M&A & Legal

Illumination America completes its acquisition of Grom Holdings, which will now operate as Grom Social Enterprises and be comprised of four wholly owned subsidiaries: Grom Social, TD Holdings Ltd., Grom Educational Services, and Grom Nutritional Services. Grom Social will continue to operate as a social media network for children; it counts over 5 million total users in 200 countries.

ASIA–G-III Apparel Group partners with Amlon Capital, Fred Gehring’s investment fund, to form a joint venture. The business will manufacture women’s and men’s apparel and accessories for the DKNY and Donna Karan brands in China, Macau, Hong Kong, and Taiwan. The venture will be funded with $25 million of equity and G-III will own 49%, with Amlon retaining the remaining shares. Beginning in January, the joint venture will also serve as the exclusive seller of both brands in China, Macau, Hong Kong, and Taiwan.

Mattel is expanding its relationship with Fullscreen to create Fullscreen Family, a new initiative which will feature a massive family-focused collection of brand-safe channels for third-party advertisers on YouTube and other digital platforms like Facebook and Instagram. Through its increased digital ad spend, Mattel hopes to increase the amount of premium kids and family content by 61%, and reach an estimated 800 million monthly video viewers. The program kicks off with the Hot Wheels Digital Content Innovation Team, which will tap Fullscreen’s top creators to make content for the boy-skewing brand’s online fans. Mattel also continues to partner with Tongal to create content.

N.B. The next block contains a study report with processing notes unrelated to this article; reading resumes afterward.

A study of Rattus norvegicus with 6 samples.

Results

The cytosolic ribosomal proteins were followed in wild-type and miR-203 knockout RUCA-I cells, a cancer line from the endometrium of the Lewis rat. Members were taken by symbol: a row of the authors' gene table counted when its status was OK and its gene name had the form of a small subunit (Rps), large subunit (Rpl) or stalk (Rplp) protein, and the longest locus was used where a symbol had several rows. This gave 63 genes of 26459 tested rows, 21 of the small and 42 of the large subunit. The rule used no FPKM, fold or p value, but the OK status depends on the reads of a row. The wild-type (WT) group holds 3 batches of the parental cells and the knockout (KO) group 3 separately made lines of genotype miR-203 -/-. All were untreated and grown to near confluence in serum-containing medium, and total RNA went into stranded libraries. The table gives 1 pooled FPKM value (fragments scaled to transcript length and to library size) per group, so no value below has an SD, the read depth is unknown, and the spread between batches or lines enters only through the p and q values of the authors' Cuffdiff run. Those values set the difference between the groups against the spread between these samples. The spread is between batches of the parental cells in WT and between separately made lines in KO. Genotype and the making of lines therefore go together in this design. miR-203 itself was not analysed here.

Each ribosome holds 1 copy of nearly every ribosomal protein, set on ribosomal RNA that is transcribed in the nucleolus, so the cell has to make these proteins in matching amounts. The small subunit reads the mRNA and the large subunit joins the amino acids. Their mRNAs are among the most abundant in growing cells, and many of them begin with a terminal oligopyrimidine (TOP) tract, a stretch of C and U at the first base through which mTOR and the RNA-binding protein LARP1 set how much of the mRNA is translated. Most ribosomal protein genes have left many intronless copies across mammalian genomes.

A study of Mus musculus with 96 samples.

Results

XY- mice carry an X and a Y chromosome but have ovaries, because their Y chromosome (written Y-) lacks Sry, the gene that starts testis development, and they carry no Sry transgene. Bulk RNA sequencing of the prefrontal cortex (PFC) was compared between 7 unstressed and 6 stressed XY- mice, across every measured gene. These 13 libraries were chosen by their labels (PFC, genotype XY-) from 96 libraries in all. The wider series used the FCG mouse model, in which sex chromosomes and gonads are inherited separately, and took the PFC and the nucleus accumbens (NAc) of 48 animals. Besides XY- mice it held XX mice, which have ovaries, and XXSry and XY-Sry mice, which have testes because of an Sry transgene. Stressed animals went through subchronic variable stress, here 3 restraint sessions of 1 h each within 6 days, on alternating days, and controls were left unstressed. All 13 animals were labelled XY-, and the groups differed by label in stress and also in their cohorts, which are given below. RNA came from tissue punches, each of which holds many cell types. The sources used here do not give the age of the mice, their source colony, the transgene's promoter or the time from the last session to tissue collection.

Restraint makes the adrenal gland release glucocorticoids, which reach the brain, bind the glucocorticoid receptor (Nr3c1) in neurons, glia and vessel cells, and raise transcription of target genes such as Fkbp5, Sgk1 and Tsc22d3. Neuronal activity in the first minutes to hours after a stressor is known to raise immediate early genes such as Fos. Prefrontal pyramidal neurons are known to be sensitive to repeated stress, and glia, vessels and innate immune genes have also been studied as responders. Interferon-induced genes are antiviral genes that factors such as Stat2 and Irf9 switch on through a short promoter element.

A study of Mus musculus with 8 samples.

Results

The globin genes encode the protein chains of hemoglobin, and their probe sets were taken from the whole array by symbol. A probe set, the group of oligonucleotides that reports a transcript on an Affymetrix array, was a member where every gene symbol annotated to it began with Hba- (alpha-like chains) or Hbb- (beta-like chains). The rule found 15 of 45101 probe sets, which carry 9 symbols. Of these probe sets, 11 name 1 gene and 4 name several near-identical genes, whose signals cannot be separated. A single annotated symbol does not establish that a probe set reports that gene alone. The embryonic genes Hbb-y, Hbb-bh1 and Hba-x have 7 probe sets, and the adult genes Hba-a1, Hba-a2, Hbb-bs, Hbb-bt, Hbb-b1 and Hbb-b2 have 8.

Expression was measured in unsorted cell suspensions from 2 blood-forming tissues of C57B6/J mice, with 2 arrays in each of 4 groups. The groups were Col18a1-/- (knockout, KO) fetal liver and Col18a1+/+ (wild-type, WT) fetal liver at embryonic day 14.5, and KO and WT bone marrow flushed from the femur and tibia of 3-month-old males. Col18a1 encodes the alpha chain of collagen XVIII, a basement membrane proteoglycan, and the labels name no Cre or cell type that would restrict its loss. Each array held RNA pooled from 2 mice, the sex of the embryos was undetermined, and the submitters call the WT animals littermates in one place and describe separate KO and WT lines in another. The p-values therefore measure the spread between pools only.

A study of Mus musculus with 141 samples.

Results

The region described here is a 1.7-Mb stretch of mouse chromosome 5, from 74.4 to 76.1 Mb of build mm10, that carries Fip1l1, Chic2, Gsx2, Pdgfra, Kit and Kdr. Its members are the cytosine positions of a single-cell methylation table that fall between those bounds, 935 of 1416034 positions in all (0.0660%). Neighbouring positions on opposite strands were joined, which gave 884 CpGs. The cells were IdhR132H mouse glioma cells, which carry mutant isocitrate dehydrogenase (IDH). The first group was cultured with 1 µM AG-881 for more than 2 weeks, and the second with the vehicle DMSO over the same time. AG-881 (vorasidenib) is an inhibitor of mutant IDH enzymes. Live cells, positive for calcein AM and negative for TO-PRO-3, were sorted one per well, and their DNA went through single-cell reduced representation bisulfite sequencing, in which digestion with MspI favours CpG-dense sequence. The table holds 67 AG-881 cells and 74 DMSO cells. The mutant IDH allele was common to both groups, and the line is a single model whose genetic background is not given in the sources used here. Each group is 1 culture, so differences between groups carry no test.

Spin Master expands its strategic partnership with Alibaba and its Tmall Group to bring core brands Hatchimals, Paw Patrol, Bunchems, and Sew Cool to China.

Crowdspring is also growing with Alibaba to provide Chinese sellers with creative services (from logos to product and packaging design to web design).

Legal Updates

Hasbro and DC Comics are facing off in federal court over the right to market Bumblebee-branded toys. Hasbro alleges that Warner Bros.’ DC Bumblebee could be confused with its Autobot Bumblebee from the Transformers universe. The toyco is seeking to block sales of an action figure from Mattel (part of the DC Super Hero Girls line) and a construction toy set from LEGO. Hasbro began selling Bumblebee toys in 1983 and building-block sets in 2011. In contrast, DC Comics and Warner Bros. first announced the DC Super Hero Girls franchise in April 2015 in partnership with Mattel. Hasbro had filed for a trademark on the “Bumblebee” name on July 15, 2015, and the trademark was registered on Dec. 22, 2015.

Meanwhile, a trial date is set in the fight over who owns the rights to Buck Rogers. On one side are the descendants of author Philip Francis Nowlan, who created the fictional space explorer in the 1920s. They face off descendants of John Flint Dille, whose newspaper company once syndicated a Buck Rogers comic strip. Although the Dilles family had held registrations in the 1980s, because those are no longer valid, both sides must establish priority of use in the mark in in a way sufficiently identifiable in the minds of the public. It is also possible that the Dilles had abandoned the mark at some point. Rather than consumer products licensing, what is truly at stake are the media rights. NBCUniversal currently has a script adapted from Nowlan’s work, Armageddon 2419 A.D.